Nick de Bois is the MP Enfield North.
The call for a debate is timely for a number of reasons but above all I hope it will allow Parliament to influence the response of the government to the Baker review. Take, for example, our arrangements with other European member states which are governed by the European Arrest Warrant. These are deeply flawed – as the experience of my constituent Andrew Symeou illustrates. I for one would like colleagues on both sides of the House to understand the experience which Fair Trials International described as a "four-year nightmare" for Andrew at the hands of a European Arrest Warrant. This and other examples that MPs can share should be cause enough for serious reflection on whether British citizens are currently adequately protected from falling victim to a similar nightmare.
The European Arrest Warrant system is currently not operating either as expected or as we would like. No European bail rights, resulting in long periods of remand simply because the accused is a foreigner, or extradition from one member state to another when the offence fails the so-called dual criminality test (something considered a crime in one country not being so in another). And then there is the failure to comply with basic human rights requirements often resulting in unacceptable conditions of remand and process bias by the authorities. All are tolerated in the name of procedural expediency and a desire to have a fast system of extradition which I believe is putting at risk the individuals rights to a fair judicial process.
However, the report from of a very eminent judge has concluded otherwise. Baker argues in his 488 page report, which included both US and European extradition arrangements, that the current system of extradition was "reasonable" – and not cause for immediate concern.
His report has reached this conclusion despite the European Commission recognising in its own Third Implementation Report that there were serious problems with the system. Additionally, the report from the Joint Committee on Human Rights earlier this year highlighted glaring abuses of the system – and it urged the Government to “ensure that other EU Member States do not use the European Arrest Warrant for the purposes of requesting a person for investigation rather than to stand trial.” That some member states do this does not strike me as reasonable, or indeed equitable.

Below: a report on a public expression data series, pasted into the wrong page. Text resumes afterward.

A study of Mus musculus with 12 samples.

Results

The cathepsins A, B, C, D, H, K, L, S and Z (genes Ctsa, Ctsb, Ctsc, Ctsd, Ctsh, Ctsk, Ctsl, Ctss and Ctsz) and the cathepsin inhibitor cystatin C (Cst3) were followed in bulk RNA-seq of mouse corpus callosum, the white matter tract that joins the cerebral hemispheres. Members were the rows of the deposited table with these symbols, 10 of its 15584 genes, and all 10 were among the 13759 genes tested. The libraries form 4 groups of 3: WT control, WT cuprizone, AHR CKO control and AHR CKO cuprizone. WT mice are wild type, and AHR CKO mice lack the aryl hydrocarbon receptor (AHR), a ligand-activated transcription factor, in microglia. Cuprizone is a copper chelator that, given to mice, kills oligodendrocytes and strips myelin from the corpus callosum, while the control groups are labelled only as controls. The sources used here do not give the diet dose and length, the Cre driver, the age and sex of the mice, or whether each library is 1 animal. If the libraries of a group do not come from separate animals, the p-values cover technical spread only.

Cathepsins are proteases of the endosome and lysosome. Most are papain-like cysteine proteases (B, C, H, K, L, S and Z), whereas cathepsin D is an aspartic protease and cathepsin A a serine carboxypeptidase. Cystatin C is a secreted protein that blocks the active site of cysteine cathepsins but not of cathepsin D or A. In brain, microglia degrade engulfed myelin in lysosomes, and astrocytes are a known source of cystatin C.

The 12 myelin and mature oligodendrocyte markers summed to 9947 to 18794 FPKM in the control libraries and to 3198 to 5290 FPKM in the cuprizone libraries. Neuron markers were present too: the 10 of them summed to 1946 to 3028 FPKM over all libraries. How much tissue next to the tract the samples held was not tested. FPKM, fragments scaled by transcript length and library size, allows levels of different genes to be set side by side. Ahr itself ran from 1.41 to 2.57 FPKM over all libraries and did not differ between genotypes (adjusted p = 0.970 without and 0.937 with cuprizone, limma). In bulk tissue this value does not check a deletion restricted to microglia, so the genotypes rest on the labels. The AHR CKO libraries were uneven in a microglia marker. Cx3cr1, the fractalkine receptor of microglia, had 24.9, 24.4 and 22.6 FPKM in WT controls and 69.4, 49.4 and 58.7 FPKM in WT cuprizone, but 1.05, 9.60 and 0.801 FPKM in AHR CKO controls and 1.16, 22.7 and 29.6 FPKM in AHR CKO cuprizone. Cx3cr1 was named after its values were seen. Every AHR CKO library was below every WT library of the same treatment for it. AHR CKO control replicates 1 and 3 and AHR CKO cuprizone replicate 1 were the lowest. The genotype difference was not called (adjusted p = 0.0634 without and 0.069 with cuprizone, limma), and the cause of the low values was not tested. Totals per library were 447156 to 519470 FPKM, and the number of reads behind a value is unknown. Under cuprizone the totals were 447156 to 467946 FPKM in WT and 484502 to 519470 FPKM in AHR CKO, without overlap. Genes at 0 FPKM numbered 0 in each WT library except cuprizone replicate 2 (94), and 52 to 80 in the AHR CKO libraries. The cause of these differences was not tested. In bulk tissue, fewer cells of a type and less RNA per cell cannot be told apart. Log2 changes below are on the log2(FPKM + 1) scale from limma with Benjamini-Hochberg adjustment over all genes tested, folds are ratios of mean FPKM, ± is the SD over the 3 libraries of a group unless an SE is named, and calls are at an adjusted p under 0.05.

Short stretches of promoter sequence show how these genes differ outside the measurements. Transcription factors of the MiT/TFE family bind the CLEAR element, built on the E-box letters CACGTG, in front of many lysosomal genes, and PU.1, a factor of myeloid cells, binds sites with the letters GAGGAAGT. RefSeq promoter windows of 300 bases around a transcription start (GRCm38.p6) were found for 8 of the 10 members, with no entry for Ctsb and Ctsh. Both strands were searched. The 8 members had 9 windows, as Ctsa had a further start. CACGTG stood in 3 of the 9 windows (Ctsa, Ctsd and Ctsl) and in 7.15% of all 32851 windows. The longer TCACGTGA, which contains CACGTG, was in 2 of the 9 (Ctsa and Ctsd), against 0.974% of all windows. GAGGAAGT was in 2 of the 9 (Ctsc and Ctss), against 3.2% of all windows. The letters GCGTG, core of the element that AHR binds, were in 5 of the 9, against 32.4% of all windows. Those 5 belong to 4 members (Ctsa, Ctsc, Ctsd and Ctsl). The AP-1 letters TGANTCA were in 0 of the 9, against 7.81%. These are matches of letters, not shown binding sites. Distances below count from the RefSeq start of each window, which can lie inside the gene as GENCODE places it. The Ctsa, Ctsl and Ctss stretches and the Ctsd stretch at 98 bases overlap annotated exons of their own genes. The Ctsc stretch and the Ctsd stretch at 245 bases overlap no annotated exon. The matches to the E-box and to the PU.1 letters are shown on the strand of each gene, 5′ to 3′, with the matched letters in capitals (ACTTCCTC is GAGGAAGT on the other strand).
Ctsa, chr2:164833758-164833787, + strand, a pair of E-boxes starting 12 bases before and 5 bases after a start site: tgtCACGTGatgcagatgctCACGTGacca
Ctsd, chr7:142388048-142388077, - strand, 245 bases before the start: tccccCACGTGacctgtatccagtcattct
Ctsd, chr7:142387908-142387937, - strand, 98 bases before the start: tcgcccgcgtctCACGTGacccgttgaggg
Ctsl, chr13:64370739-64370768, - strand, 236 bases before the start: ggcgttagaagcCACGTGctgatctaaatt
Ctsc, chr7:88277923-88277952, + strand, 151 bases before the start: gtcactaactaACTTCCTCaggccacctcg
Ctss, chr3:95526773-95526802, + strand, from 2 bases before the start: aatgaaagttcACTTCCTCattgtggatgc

Too much is at stake to not debate Baker’s extradition review, on which the government will be able to reflect before responding formerly to his report. After all, these issues will not come as a surprise to the Government. Before the election Dominic Grieve, now Attorney General, summed up the situation well. He said: “Our extradition laws are a mess. They’re one-sided. A Conservative government will re-write them.” Nick Clegg was in agreement on the failures of the UK/US Extradition treaty, adding: “I forced a debate on it…and warned the Government then that the treaty would lead to an abuse of people’s rights in this country.”
A debate would give Parliament the opportunity to examine the review’s findings and offer a perspective on protecting the freedom and rights of constituents. We can test the merits of a system conceived to ensure speedy extradition arrangements against whether the public are properly protected . It is the least we can offer Andrew Symeou, his family and other families who have been caught up in our unfair extradition arrangements.